Director Andy Davis, left, with Harrison Ford on the set of 'The Fugitive' | Photo: Courtesy

I had a major Chicago-on-the-brain-and-palate-moment last week as I sat down to break pizza with acclaimed film director and proud Chicago native Andrew Davis in the dining room of the scenery-blessed Riviera home he and his family have lived in for close to 40 years. The pizza in question: an uncommonly delectable deep-dish model that Davis has flown in from one of Chicago’s finest pizzerias, Lou Malnati’s. A vast sausage disc covered the entire pizza real estate, and I was left with a serious pizza afterglow.

But I digress, somewhat.

Andy Davis (left) on the set of The Fugitive | Photo: Courtesy

The pressing subject on this afternoon was Davis’s acclaimed and unabashedly Chicago-rooted 1993 film The Fugitive — the best-known and probably finest project in Davis’s 15-title filmography. For the film’s 30th anniversary, Davis has overseen a new 4K UHV remastered version, screening at the Riviera Theatre, September 8-14. Following the screening on Friday, September 8, Davis will engage in a Q&A with Roger Durling, executive director of the Santa Barbara International Film Festival.

The recent buzz over The Fugitive’s remastered return includes an extensive Rolling Stone piece, and Davis notes, “What’s really amazing is, there’s all these young critics who are giving us new reviews. They said they saw the films when they were kids with their parents.”

A radically reworked adaptation of the long-running 1960s TV series, Davis’s The Fugitive is a deft balancing of action cinema, socio-political commentary, and propulsive storytelling. It also happens to be one of the great films shot in and about Chicago. Although Davis frequently shoots in Chicago, Chicago-centrism truly rules here.

Essentially, The Fugitive was made possible by Harrison Ford, enough of a fan of Davis’s previous film Under Siege to approach the director with the project, studio support and a script in hand. The problem was that Davis deemed the script “terrible.” He recalls, “Harrison had committed to doing the movie, but I didn’t. He said, ‘Oh, we’ll fix the script.’” The fix-it process included impromptu creative changes during filming, which adds an appealingly loose ensemble character to the film, alongside its taut thriller paces.

Andy Davis with Princess Diana | Photo: Courtesy

“Everybody contributed,” Davis remembers. “Harrison and Tommy [Lee Jones] and myself worked with the bones of what was on paper. And Jeb Stuart [who got co-screenwriter credit with original writer David Twohy] was back at the hotel with the producers trying to come up with stuff. And yet it’s taught as one of the classic, perfect screenplays,” he laughs.

Andy Davis at his home in Santa Barbara today | Photo: Josef Woodard

So improvisation was allowed and/or encouraged?

Davis noted, “Tommy didn’t call it improvisation. We would work out what we had to do, write it down, and shoot it. I had a lot of freedom to do what I wanted to do. I had a great cast, a lot of freedom, and basically the support of a studio, ’cause they didn’t know what was going on. They just let us keep shooting it.”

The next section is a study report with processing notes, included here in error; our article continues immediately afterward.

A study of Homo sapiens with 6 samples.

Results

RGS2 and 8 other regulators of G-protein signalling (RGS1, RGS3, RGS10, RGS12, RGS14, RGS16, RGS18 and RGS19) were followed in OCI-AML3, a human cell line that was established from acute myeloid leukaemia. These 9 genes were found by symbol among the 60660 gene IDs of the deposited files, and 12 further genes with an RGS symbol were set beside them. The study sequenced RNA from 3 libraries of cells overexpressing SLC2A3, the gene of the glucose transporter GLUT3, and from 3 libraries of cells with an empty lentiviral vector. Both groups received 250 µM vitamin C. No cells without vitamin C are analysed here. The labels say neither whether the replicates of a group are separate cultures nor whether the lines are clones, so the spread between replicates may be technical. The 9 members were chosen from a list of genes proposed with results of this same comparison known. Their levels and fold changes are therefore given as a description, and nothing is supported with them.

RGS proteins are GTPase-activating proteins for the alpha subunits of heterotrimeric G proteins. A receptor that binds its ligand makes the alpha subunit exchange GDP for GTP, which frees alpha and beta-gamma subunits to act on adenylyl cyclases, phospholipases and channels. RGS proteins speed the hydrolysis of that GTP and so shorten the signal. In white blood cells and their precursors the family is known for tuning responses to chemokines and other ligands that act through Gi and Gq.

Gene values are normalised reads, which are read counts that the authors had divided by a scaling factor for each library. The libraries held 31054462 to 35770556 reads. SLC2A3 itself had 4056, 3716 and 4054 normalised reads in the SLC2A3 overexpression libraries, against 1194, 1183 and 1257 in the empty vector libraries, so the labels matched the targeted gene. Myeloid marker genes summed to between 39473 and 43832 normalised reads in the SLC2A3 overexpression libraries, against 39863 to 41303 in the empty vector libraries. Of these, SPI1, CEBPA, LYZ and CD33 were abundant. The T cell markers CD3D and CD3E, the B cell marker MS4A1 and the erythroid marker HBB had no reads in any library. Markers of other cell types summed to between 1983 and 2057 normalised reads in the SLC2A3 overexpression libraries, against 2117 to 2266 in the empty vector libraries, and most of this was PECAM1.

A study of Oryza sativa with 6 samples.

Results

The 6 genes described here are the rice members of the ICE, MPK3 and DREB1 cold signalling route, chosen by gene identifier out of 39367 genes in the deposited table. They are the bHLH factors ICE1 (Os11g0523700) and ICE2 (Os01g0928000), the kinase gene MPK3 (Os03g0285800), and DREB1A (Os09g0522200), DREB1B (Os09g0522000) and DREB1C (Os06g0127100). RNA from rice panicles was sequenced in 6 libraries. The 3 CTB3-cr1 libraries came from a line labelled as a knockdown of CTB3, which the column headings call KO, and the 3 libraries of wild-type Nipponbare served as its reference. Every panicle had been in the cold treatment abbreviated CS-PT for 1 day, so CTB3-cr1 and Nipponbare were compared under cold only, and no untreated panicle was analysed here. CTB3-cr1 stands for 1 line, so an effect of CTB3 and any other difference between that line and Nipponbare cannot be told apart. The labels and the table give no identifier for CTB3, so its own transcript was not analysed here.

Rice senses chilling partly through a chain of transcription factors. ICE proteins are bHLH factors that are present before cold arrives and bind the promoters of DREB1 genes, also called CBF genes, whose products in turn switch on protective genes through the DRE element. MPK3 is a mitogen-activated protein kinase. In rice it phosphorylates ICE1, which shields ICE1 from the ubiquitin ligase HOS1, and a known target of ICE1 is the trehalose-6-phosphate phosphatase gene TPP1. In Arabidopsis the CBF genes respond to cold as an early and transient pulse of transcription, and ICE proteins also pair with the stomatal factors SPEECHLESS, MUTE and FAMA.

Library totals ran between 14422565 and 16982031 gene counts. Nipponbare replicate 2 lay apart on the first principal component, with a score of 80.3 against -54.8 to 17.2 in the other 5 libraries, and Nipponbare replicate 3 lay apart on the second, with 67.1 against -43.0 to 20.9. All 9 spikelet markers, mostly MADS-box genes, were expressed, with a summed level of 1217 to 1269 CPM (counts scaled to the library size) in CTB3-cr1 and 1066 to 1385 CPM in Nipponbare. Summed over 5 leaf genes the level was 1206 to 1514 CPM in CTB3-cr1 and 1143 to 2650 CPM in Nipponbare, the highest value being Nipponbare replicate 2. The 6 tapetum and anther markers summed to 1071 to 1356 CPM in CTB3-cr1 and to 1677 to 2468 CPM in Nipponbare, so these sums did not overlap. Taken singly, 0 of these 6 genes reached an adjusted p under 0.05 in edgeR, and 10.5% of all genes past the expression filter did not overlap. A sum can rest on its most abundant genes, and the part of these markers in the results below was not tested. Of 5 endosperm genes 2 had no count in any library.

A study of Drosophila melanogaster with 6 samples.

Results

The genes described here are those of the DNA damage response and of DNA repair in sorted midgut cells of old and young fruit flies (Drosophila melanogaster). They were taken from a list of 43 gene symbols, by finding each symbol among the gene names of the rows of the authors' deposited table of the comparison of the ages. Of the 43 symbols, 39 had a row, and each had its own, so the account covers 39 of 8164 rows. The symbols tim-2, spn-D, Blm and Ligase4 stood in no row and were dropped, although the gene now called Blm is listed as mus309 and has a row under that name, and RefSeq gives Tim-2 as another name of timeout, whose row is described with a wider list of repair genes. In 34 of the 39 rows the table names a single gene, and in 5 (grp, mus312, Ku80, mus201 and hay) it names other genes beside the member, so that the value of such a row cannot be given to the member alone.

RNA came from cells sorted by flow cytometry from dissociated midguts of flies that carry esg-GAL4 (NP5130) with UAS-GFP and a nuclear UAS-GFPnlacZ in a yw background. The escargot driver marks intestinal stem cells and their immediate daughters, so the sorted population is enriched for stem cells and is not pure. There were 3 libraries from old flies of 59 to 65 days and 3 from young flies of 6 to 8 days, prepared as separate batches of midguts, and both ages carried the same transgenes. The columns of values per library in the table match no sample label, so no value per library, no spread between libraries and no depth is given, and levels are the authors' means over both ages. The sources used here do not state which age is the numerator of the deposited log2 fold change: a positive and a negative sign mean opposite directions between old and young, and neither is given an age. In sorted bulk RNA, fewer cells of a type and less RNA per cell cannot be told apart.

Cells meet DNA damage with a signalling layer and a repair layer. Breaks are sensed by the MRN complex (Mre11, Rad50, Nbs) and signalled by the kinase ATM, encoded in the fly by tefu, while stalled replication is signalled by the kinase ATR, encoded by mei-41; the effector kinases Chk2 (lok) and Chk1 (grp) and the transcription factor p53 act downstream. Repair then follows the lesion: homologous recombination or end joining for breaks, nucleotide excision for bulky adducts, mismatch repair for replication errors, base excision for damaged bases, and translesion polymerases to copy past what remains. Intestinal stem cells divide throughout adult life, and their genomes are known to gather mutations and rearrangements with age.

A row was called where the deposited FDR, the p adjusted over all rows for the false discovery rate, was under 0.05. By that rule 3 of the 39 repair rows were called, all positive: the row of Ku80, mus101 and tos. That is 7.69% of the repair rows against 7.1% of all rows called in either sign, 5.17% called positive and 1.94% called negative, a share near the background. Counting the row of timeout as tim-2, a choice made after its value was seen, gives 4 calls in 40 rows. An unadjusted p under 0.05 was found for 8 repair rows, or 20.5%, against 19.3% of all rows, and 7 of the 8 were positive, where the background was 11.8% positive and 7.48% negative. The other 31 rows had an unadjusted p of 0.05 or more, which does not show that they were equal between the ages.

The film ended up being a thrilling, thoughtful cat-and-mouse tale in which Harrison’s Dr. Kimble — on the run after being wrongfully accused of murdering his wife — is chased doggedly by U.S. Marshal Sam Gerard (Jones, in a role that won him an Oscar and launched his career into Hollywood’s upper echelon). Davis suggests that “the basic spine was about this unjustly accused man, as in Les Misérables.”

One of the factors making The Fugitive real and relevant 30 years later is its strong anti-pharma story angle, which resonates with the post-Sackler/opioid crisis era. Mixing action cinema with political activism is a running theme in Davis’s oeuvre. As he recounts, for example, “Above the Law and Code of Silence were about Iran-Contra. The Package was about disarmament and cover-ups.”

Never one to sit idly by, Davis, at 76, has finished a novel, Disturb the Bones, to be published soon. “I think it would make a great movie,” he says a bit ruefully, “but it’s so hard to get a movie made these days.” His most recently completed film was 2019’s charming documentary Mentors: Tony & Santi.

Thirty-plus years ago: Director Andy Davis (left) with Harrison Ford on the set of The Fugitive | Photo: Courtesy

Meanwhile, smaller and more personal left-of-Hollywood projects in the Davis filmography are poised for rebirth. His classic chronicle-of-a-band, 1978’s Stony Island (another extremely Chicago-centric film) has its 45th anniversary re-release party in Chicago this November, followed by a release on streaming platforms.

Closer to his current home, Davis’s decidedly Santa Barbara–centric (and delightfully eccentric) 1995 film Steal Big, Steal Little was a personal project made possible by the blockbuster success of The Fugitive. As Davis describes the film, finishing off the last bite of pizza, “It is a movie that people didn’t understand. But it really holds up because it’s about greed and immigration and rich and poor. And [the late] Alan Arkin’s fantastic in the movie. I think it’s one of his best performances. And it looks gorgeous.”

He adds, “The three films I own — Mentors, Stony Island, and Steal Big — are the ones I want to try to get out to the world. You make movies and they become your kids.”